8 Tips for Alzheimer’s and Dementia Caregivers
Advocacy Easing the emotional, physical and financial burdens of a dementia caregiver benefits not only the caregiver, but the person with the disease and the entire family.
Caring for someone with Alzheimer’s or a related dementia is relentless, exhausting work. It’s a job that takes you away from sleep, from work, from friends and family, and from the simple things in life that provide joy.
Research by Dr. Mary Mittleman, Research Professor in the Department of Psychiatry at NYU School of Medicine, demonstrates that good care does make a difference. For instance, caregivers who get help experience less depression and distress. And, just as significantly, Dr. Mittleman’s research also shows that caregivers who get counseling are able to keep their family member home and out of a nursing home longer than those who don’t get services.
Following some simple tips can make all the difference:
1. Seek information
There are doctors, professional organizations and websites that can provide you with important information along your caregiving journey. The more you know about the disease and what to expect, the more you will be able to plan and make decisions for your loved one and for you.
2. Don’t tackle caregiving alone
Even if you’re an only child, there are resources that can provide counsel and services to help you along the way. Talk to knowledgeable professionals who can point you in the direction of important local resources.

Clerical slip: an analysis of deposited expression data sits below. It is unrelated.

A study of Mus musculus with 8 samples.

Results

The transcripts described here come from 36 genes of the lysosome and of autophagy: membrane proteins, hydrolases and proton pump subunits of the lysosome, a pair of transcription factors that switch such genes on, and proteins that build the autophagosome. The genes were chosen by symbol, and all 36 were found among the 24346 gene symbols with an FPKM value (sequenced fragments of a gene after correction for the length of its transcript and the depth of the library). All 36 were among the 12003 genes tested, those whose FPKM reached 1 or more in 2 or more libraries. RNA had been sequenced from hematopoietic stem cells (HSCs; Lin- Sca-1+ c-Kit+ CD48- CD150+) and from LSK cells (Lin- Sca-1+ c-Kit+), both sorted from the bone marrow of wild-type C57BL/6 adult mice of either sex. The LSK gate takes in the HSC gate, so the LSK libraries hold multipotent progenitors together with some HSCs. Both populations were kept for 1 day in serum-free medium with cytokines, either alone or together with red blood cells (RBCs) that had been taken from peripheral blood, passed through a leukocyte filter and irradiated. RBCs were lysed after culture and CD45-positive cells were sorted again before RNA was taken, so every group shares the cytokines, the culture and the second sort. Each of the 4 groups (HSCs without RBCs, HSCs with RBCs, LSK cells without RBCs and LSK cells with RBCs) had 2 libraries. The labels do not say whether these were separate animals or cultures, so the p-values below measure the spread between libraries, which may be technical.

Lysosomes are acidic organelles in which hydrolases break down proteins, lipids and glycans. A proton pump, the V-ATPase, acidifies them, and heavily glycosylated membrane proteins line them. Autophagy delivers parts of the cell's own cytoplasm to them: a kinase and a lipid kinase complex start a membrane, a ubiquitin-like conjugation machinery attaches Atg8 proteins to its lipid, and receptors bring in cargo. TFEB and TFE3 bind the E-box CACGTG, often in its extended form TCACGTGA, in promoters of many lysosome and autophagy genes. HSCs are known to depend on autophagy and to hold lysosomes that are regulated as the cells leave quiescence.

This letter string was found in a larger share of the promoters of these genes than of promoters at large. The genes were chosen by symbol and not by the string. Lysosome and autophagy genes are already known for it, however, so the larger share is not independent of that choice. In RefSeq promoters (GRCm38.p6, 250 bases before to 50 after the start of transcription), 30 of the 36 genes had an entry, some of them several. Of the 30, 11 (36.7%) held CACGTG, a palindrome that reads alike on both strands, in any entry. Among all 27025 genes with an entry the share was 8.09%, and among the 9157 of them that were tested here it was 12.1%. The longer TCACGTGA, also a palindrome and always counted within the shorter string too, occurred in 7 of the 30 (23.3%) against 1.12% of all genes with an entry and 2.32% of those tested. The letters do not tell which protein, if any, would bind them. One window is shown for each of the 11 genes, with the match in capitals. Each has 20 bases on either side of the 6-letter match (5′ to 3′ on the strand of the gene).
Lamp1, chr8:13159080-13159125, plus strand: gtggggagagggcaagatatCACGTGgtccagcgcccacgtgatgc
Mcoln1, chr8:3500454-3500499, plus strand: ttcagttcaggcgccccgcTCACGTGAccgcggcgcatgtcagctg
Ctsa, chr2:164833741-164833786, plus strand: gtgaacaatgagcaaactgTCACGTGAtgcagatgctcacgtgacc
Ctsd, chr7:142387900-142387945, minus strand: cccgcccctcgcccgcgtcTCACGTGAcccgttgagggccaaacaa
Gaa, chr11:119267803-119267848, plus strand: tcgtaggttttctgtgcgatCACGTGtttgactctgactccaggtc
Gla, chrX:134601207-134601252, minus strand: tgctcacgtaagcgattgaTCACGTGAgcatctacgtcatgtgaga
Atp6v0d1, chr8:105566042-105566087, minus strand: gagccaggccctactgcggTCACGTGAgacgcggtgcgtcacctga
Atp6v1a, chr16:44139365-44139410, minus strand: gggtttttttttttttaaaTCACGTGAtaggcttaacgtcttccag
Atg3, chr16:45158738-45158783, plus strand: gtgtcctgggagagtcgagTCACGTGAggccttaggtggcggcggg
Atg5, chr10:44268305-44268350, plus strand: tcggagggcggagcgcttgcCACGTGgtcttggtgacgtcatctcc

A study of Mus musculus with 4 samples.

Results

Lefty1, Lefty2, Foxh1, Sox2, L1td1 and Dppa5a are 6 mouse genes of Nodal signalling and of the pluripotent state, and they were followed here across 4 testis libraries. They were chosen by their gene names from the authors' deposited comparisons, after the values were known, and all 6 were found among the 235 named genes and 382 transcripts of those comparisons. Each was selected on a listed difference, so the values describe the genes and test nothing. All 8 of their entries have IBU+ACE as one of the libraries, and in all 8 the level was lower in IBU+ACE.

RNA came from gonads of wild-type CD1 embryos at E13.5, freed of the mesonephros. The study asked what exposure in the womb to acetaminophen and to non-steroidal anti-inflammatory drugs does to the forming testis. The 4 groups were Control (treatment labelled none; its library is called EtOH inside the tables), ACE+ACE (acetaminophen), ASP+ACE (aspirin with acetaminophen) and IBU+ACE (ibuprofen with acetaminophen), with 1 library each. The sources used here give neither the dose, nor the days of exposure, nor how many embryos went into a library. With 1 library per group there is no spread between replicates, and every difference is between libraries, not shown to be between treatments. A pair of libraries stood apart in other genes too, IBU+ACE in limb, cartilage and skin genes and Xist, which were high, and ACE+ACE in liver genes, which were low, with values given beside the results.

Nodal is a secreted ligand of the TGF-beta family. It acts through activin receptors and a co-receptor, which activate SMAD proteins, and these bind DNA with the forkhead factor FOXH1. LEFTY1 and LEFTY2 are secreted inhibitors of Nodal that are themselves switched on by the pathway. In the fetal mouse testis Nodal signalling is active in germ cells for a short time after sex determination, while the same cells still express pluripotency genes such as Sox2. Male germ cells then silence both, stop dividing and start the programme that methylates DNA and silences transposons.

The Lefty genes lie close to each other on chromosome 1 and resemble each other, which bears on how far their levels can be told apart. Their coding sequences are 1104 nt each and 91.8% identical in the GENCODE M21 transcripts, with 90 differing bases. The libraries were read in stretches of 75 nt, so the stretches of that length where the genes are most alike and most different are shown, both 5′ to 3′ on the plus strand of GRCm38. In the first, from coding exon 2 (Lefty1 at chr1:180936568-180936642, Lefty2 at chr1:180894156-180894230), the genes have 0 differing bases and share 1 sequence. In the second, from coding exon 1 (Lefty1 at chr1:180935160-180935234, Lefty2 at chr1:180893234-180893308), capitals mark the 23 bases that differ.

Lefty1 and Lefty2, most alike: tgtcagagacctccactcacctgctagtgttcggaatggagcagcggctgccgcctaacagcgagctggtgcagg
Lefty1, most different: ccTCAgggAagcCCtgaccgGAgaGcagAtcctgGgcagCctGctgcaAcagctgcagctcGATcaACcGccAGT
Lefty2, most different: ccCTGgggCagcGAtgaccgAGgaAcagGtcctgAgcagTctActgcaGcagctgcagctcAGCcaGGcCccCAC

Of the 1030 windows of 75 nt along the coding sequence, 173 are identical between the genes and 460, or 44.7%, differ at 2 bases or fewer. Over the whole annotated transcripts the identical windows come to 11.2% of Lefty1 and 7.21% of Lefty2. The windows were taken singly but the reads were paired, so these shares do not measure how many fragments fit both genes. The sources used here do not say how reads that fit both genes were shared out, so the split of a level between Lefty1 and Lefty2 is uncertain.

3. Join a local support group
Knowing you’re not the only one affected and hearing how others have dealt with being an Alzheimer’s caregiver can give you confidence and a fresh perspective.
4. Ask for help
Too often the burden of care disproportionately falls on one person. Even if you’re the primary caregiver, you may have family or friends who can help. Consider asking them to look after your relative while you go to a movie or grab a bite to eat. The larger your circle of care is, the easier it is for you to maintain your stamina and provide the best care.
5. Accept help when it’s offered
Don’t feel guilty about accepting a helping hand and taking time for yourself. You’ll be better able to care if you’re refreshed.
6. Be prepared
Gather all of the important paperwork associated with legal and financial matters. Durable powers of attorney, health care proxies and living wills should be prepared early when the person is still able to participate. These conversations may seem difficult to have at first, but will save you and your family a lot of anguish as time progresses. It could also save you the expensive alternative of a guardianship proceeding.
7. Understand your emotions
It is natural for caregivers to feel a wide range of emotions including love, anger, frustration, profound sadness, intense loss and guilt. These feelings are normal. Communicating with a professional or a friend about how you feel will help ease your burden.
8. Take care of your own health
Don’t ignore your medical issues or skip your own doctor appointments. Also, keep tabs on your emotional well-being. It is not uncommon for caregivers to experience depression, fatigue, stomach problems or trouble sleeping. And always remind yourself that you’re doing the best you can in a difficult situation.